With inflation pushing energy prices higher and growing environmental concerns, some people want to change how they use energy in their daily lives. Many people have switched over to electric or hybrid vehicles to combat rising gas prices. Home appliances often show how energy efficient they are so you know you are getting the best energy consumption out of them.

One of the most significant sources of high PG&E bills comes from running your HVAC system. The winter of 2021/2022 saw a huge rise in the cost of natural gas leaving those with gas furnaces paying much more than before. If you were one of those people or maybe would like a healthier energy source for your home, you may want to consider changing your HVAC system to a heat pump.

Differences Between Heat Pump and Furnace

A traditional gas furnace runs on gas to heat air. The air is pushed out through ducts and vents around the home to warm the area. The furnace is located inside the house. Usually, it is found in a closet, attic, crawlspace, or garage. If the furnace is also connected to an air conditioner, that would be found outside.

Heat pumps work differently than furnaces, but they look similar. Inside, located wherever a furnace would be, is the air handler that distributes air throughout the house. The heat pump itself is installed outside where an air conditioner would be. At first glance, heat pumps and air conditioners look almost the same. The heat pump uses electricity and refrigerant to heat and cool the air. The conditioned air goes through the air handler and into your home.

Saving Money

The recent increase in the cost of natural gas has some people worried about how they will pay to heat their homes. It is possible that gas prices will drop before the cold weather arrives, but with many factors at play, it is difficult to tell. A solution to this problem would be to convert all home appliances, including your HVAC system, to electric.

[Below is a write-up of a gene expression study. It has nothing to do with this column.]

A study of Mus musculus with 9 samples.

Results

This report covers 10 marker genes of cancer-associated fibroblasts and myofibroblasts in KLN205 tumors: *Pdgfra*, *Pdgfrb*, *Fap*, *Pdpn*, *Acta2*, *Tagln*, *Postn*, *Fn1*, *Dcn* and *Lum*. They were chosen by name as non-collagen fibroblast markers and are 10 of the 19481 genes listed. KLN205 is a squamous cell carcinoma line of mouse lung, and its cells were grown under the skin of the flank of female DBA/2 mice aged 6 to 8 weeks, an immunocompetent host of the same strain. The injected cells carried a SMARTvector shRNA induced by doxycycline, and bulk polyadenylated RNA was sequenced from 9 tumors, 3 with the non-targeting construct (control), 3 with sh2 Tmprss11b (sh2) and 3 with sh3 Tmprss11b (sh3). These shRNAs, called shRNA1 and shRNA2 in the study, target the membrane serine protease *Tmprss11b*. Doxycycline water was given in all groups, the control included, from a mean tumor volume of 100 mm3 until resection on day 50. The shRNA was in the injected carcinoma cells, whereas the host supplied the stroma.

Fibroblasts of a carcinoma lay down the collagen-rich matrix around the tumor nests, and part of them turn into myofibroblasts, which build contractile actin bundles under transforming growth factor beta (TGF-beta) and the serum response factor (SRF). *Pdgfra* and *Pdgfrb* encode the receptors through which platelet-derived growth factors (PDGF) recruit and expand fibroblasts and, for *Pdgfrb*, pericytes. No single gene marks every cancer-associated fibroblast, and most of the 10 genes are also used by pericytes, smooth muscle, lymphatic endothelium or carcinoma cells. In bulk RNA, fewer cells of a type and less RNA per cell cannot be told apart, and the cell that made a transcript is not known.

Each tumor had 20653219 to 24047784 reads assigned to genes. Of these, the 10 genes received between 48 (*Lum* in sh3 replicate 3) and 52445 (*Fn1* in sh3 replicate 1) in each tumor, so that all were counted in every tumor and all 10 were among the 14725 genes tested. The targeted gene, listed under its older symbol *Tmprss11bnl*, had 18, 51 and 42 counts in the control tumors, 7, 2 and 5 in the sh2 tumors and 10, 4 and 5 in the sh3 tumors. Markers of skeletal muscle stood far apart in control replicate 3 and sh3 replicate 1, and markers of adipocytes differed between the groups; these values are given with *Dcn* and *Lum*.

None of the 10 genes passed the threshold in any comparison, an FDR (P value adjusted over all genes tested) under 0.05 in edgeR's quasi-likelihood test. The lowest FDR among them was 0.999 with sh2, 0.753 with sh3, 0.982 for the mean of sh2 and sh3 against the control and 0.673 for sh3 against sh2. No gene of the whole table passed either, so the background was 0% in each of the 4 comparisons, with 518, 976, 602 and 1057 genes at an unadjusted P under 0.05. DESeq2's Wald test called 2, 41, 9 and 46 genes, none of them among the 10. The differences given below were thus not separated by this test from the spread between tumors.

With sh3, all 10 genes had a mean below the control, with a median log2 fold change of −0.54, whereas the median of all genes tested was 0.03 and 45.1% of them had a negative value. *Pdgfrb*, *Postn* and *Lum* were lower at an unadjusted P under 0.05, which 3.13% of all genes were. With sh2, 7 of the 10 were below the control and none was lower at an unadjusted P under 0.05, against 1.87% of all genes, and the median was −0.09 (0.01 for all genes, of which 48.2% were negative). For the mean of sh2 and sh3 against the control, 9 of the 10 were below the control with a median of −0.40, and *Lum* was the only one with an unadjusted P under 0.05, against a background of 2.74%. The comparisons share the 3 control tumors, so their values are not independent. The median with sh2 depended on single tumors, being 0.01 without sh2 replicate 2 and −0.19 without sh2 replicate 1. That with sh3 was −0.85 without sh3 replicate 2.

Using all-electric products ensures a more secure rate. PG&E offers programs to curb the costs of electricity for low-income users. Various rate plans can help save money the more you regulate your energy consumption.

Healthier Energy

Natural gas is considered bad for the environment. Several states have started drafting laws to limit or ban natural gas usage. In 2022, Contra Costa County implemented a law where newly built residences cannot have gas appliances. All newly constructed homes will have an electric-based heat pump system. Through PG&E you can explore where your electricity is coming from such as solar, wind, or water electrical generation systems.

A byproduct of using natural gas is carbon monoxide. The colorless, odorless gas occurs when a furnace is heating normally. If working correctly, the carbon monoxide is vented outside the home and does not pose a danger. However, if there is an issue with the flue pipes or a crack in the heat exchanger of the furnace, the carbon monoxide will leak into the home. Exposure to carbon monoxide could cause headaches or flu-like symptoms. Long-time exposure can lead to long-term illness or death. Since heat pumps run on electricity, carbon monoxide is no longer a threat to personal health.

Interested in switching out to a heat pump? Give us a call at 925-689-7017.